Janson Media today announced the broadcast premiere of the new one-hour documentary film, Xavier: Missionary & Saint, on PBS stations nationwide. Narrated by Academy Award-winner Liam Neeson and filmed on location in the footsteps of the Jesuit missionary, Xavier features stunning scenery from Rome, Spain, Paris, India, China, and Japan as well as interviews with world-renowned historians and theologians. The film commemorates the 500th anniversary of the birth of the most successful missionary since St. Paul.
Xavier was produced by Jeremy Zipple and Jeff Johnson for Fourth Week Films and the New Orleans Province of the Society of Jesus. The film was written by Johnson, directed by Zipple, and edited by Justin Ulbrich. The music was composed by Anthony Francis Rosado, and the role of Francis Xavier is played by Ron Garcia. “While there is some good historical scholarship on Xavier, there are not a lot of background stories,” said Johnson. “We’re trying to tell them.” The experience of making the film and of hearing stories of Xavier from Jesuits around the world “was a grace-filled part of the experience,” said Zipple. “I really felt his presence in a profound way.”
“This is the story of a missionary who died alone on a desolate island within sight of the land of his life’s dream,” says Liam Neeson in the film’s introduction. “He was unaware that he had forever changed the face and the race of Christianity.”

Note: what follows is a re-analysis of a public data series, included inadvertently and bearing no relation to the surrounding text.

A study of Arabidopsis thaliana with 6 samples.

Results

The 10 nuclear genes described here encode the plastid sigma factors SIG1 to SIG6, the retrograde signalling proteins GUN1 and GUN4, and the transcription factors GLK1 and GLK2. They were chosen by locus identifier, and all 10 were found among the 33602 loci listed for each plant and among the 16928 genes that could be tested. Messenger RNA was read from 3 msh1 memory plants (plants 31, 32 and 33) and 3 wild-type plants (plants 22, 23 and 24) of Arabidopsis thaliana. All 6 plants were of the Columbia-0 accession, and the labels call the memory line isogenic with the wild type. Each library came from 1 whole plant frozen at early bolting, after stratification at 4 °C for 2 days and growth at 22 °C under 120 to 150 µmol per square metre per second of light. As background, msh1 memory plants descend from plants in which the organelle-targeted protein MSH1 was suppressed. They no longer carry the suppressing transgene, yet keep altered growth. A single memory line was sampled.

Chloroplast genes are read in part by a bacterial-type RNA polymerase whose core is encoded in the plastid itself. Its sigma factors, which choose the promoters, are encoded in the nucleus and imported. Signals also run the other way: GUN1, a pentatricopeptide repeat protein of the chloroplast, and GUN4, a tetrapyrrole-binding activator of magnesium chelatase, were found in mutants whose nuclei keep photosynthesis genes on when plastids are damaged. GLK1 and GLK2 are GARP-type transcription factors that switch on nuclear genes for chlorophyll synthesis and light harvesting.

The production of Xavier was financed by the New York, Chicago, Maryland, and California Provinces of the Society of Jesus, as well as the Jesuit Conference and private donors. More information is available at the film’s official website. The documentary is distributed exclusively by New Jersey-based Janson Media for all media worldwide. The Xavier: Missionary & Saint DVD, released by Janson Media in December 2006, includes such special features as an interview with Avery Cardinal Dulles S.J., the film’s original trailer, a Behind the Scenes Photo Gallery, and The Making of… Xavier featurette. The documentary itself was filmed in widescreen, 16:9 format.